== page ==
For a start, the actual demand for bottle-conditioned beers is pretty limited. Look at the premium bottled ale shelves in Tesco, and how many are bottle-conditioned? Two or three out of a hundred, if you’re lucky. It’s not that the supermarkets are deliberately holding the category back, but that they’ve tried it in the past and found that buyers actively shun it. There have been experiments with selling Shepherd Neame Spitfire and Courage Directors in bottle-conditioned form, both of which rapidly died the death, and more recently HopBack Brewery have switched their popular Summer Lightning to beer brewery-conditioned.
And will the change make the minority who seek out bottle-conditioned beers any more likely to buy Pedigree? It’s currently a fairly unadventurous, mainstream product, and those basic characteristics aren’t going to change. I can’t say I’ve drunk much bottled Pedigree recently except when it’s been on offer at £1 a bottle in Morrisons. It’s OK, but there are many better and more distinctive bottled beers out there.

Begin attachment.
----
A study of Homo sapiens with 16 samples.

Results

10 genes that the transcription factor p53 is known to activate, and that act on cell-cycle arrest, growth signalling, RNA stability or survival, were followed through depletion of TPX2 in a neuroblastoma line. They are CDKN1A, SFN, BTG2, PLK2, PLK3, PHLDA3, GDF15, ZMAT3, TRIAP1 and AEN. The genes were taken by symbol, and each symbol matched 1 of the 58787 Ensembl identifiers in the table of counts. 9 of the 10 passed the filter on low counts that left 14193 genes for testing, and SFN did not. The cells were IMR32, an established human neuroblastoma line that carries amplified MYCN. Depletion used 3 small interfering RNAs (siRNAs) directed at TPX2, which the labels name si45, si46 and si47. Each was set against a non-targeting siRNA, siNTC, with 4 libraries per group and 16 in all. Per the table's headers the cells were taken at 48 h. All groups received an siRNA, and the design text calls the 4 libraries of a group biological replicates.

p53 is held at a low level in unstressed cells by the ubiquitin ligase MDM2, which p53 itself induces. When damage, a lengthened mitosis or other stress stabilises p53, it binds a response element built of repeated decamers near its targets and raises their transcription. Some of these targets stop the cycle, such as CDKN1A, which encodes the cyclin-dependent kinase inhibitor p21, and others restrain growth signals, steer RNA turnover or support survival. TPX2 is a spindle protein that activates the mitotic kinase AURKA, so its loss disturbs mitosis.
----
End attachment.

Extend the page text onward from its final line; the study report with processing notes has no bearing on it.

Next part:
On the other hand, unless a very “sticky” yeast is used, the average drinker is likely to reject it on the grounds that it has bits in it, while if the yeast is sticky they won’t notice much difference. And, either way, you’re likely to get a less consistent product. I’d say it will win few new customers while potentially alienating many existing ones. I’ll certainly try it when I see it, though, and report back on my findings.
Surely a better approach would have been to leave the existing product as it was, but introduce a new and possibly slightly stronger variant called “Pedigree Extra” or suchlike, which made a virtue of being bottle-conditioned, and could be promoted on the basis of a greater appeal to the connoisseur.
I can’t see the container-conditioning being extended to the canned version, though, so, if you want a consistent drop of Pedigree to enjoy at home, I’d advise going for the cans instead.